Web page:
November is Indigenous Heritage Month

The International Association for Indigenous Aging (IA2) celebrates Native American Heritage Month this November. National Native American Heritage Month empowers American Indians and Alaska Native people from all around the country to honor traditions, culture, history, and livelihood on ancestral lands. This is an opportunity for Native representation to raise visibility within our Nation and others can join in through awareness, education, and celebration of Native people.


For many, Native American Heritage Month is only recognized once a year in November, but our heritage is something to celebrate every day. Native American Heritage Month also provides a special opportunity to honor the role Native elders play in their communities.


Elders are keepers of sacred tribal knowledge and keep culture and traditions alive. The month of recognition and reflection follows a Biden administration proclamation to establish Indigenous People’s Day in 2021, the second Monday in October every year.


That proclamation begins with a powerful assessment of Native contributions. “Since time immemorial, American Indians, Alaska Natives, and Native Hawaiians have built vibrant and diverse cultures—safeguarding land, language, spirit, knowledge, and tradition across the generations.”


President Biden follows that “for generations, Federal policies systematically sought to assimilate and displace Native people and eradicate Native cultures.” He commits to “a future grounded in Tribal sovereignty and respect for the human rights of Indigenous people in the Americas and around the world.”


In his concurrent acknowledgment of Columbus Day (set forth by Congress in 1934 and affirmed in 1968), he recognizes the atrocities inflicted upon Indigenous communities and tribal nations at the hands of European explorers.


The most recent proclamation of National Native American Heritage Month notes the perseverance, strength, and historic contributions of American Indian and Alaska Native people. We are heartened as we reflect on the many examples of success and resilience–some that may not be the legends of storybooks, but are shining examples, nonetheless.



Renowned individual Native contributions over the decades include John Herrington (Chickasaw)—the first Native American in space. Herrington, a retired Navy aviator and NASA astronaut, was a crew member aboard the space shuttle Endeavour in Nov. 2002. During the mission delivering cargo and crew to the international space station, Herrington performed three spacewalks. He carried the Chickasaw Nation’s flag, a braid of sweetgrass, two arrowheads, and six eagle feathers to honor his heritage.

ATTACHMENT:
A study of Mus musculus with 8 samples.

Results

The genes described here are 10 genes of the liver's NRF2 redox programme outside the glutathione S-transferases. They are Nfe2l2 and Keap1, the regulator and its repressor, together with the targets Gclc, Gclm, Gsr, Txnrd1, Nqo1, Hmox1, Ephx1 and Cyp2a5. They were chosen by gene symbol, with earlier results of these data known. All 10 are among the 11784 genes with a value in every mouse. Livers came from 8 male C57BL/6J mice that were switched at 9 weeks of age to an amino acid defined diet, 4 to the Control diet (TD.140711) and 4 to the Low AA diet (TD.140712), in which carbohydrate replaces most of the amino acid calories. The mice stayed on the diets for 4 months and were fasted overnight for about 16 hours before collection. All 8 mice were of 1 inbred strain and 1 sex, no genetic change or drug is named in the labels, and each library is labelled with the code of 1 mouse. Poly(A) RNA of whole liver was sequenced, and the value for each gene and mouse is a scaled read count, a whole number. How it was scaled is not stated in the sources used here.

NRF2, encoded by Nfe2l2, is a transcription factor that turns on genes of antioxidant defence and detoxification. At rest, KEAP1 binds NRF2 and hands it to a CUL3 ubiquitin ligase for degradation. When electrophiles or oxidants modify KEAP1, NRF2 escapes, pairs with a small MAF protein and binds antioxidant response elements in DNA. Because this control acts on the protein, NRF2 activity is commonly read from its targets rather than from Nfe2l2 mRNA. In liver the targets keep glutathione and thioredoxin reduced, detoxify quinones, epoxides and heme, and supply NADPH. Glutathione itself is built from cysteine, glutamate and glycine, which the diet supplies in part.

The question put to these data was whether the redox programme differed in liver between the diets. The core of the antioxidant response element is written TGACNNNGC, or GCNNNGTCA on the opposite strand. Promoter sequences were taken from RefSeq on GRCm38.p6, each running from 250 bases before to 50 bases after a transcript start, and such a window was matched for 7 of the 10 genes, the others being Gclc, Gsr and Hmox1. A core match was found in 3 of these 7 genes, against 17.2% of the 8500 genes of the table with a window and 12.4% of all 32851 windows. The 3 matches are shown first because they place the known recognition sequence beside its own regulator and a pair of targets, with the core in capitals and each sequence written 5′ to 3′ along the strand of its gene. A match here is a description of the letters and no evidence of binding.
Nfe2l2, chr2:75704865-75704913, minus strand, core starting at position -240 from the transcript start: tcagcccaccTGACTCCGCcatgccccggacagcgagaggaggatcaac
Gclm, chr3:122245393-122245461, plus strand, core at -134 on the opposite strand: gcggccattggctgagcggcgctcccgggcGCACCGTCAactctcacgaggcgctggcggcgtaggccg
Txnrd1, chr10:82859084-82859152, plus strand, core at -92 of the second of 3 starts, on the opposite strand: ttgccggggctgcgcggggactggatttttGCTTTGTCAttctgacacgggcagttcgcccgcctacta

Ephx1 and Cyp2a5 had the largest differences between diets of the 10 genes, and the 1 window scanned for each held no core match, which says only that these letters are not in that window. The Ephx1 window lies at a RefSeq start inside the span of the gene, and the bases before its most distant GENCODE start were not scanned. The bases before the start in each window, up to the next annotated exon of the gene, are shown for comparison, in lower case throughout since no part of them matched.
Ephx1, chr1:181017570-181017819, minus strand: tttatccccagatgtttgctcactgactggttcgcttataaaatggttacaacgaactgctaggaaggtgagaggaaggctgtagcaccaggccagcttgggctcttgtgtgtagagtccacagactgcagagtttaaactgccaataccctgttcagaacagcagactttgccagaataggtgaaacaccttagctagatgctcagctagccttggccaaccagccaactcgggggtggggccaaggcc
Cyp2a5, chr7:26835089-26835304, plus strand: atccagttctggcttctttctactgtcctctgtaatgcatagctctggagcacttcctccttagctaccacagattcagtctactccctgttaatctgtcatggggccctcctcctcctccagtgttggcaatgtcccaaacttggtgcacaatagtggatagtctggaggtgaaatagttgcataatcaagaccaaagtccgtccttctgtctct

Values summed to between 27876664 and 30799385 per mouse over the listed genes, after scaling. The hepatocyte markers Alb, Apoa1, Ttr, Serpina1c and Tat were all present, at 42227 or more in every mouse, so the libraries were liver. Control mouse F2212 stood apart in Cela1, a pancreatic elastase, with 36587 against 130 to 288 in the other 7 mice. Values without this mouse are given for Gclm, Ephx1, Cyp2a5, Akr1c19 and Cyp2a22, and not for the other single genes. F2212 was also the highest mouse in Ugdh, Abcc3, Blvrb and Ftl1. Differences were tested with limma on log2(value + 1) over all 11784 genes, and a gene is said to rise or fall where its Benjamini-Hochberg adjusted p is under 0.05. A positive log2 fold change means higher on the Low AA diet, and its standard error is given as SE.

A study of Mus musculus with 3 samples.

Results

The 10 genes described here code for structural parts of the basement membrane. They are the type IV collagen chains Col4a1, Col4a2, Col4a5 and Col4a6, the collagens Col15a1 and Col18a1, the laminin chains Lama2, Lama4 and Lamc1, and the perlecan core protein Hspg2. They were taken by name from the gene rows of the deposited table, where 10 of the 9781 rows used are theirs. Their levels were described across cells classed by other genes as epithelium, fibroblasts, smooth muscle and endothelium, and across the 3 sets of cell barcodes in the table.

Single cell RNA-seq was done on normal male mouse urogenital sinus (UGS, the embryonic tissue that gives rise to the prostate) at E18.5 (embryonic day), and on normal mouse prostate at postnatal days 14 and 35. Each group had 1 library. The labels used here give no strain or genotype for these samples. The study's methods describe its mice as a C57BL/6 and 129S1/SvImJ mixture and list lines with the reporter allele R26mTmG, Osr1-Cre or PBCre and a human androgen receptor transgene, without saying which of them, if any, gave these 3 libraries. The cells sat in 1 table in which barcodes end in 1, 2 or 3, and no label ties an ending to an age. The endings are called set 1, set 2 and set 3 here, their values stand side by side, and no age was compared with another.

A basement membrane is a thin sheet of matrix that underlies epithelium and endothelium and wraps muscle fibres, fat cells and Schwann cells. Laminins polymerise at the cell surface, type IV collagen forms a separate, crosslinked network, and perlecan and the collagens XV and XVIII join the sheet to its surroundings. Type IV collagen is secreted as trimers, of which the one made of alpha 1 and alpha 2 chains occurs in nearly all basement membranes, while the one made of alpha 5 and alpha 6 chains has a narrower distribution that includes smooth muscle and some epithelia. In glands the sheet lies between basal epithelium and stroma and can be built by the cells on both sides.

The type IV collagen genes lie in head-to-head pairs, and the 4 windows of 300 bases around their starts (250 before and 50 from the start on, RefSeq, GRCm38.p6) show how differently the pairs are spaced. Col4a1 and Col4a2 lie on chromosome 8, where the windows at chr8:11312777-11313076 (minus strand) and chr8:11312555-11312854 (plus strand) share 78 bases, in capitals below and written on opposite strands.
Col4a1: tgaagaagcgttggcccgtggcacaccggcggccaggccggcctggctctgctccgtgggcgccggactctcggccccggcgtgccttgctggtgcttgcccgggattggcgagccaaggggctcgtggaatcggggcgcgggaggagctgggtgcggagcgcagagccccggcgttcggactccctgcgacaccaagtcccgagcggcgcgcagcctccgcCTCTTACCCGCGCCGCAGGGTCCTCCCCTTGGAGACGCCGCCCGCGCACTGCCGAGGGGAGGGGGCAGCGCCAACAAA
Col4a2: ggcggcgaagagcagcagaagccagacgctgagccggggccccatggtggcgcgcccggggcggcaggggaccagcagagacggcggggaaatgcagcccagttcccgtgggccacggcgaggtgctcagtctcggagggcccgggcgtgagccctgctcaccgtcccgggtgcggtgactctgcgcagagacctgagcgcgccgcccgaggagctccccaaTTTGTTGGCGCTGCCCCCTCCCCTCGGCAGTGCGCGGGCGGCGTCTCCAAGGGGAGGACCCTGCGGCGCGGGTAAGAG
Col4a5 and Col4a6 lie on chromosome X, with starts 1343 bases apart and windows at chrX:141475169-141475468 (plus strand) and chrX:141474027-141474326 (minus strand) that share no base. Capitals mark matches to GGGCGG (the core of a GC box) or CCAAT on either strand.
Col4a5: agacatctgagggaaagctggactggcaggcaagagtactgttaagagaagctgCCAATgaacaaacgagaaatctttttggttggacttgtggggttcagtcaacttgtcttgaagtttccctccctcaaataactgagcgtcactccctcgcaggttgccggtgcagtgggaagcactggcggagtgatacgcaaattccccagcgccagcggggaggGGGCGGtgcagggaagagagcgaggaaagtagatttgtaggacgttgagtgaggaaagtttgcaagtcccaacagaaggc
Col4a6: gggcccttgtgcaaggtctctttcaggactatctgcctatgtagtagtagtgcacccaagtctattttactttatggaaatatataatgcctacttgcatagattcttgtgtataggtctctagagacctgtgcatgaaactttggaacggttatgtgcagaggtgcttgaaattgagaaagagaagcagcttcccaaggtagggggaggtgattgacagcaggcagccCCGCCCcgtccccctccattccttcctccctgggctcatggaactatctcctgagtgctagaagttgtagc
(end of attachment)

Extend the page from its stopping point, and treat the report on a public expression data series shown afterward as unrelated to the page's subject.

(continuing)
Other remarkable contributions came from Susan La Flesche Picotte (Omaha tribe). Picotte was the first Native woman to receive a medical degree in the U.S. in 1889. Growing up on her Omaha tribe’s reservation in Nebraska, she once watched a tribal member die as a local white doctor refused to provide her care. Picotte eventually returned to Nebraska to practice medicine, setting up a private practice serving Native and white patients. In 1915, just two years before her death, she opened her hospital on the Omaha Reservation. This had been her life’s dream. Today, it is home to a museum honoring her legacy.


Fast forward to March 18, 2021, when now Secretary Deb Haaland (Pueblo of Laguna) made history when she became the first Native American to serve as a cabinet secretary. This followed her time in Congress as one of the first elected Native women. From humble beginnings in New Mexico as a single mother on food stamps, she eventually earned her law degree from the University of New Mexico. She ran a small salsa business before her election to the board of directors of one of the largest tribal gaming enterprises in New Mexico.



Mary Peltola (Yup’ik) also made a historical stride becoming the first Alaska Native sworn into U.S. Congress and the first woman to represent Alaska in the U.S. House. This brings important representation for rural and Native communities and all Alaskans in general, a place that her ancestors called home for thousands of years.


The past two years have seen landmark increases in funding. From added funding for tribal elder services programs, catch-up funding for the battered Indian health system to first-ever appropriations for Indian Health Service elder-focused work on dementia and Alzheimer’s.

Greater attention to abuse of elders and women has also come through dedicated Victims of Crime Act Funding and partnerships between tribes and Adult Protective Services programs.


Following the devastating crisis that COVID-19 wreaked upon Native communities and people, it is essential to stop and reflect on our history and successes. However, we must take care not to pause too long. There is still much work to do–particularly on the unending pursuit for social and health equity for our Native elders.


“Native American people—and our nation as a whole—are best served when tribal governments are empowered to lead their communities and when Federal officials listen to and work together with tribal leaders…,” according to President Biden.


We look forward to celebrating the lives and accomplishments of older Indigenous people and communities–not only this month but every month. We continuously look forward to meaningful and measurable improvements in the lives of our elders.


Join us throughout the month as we acknowledge Native American Heritage Month on social media and elsewhere. Later this month, we look forward to celebrating Native American Heritage Day, passed by Congress in 2009.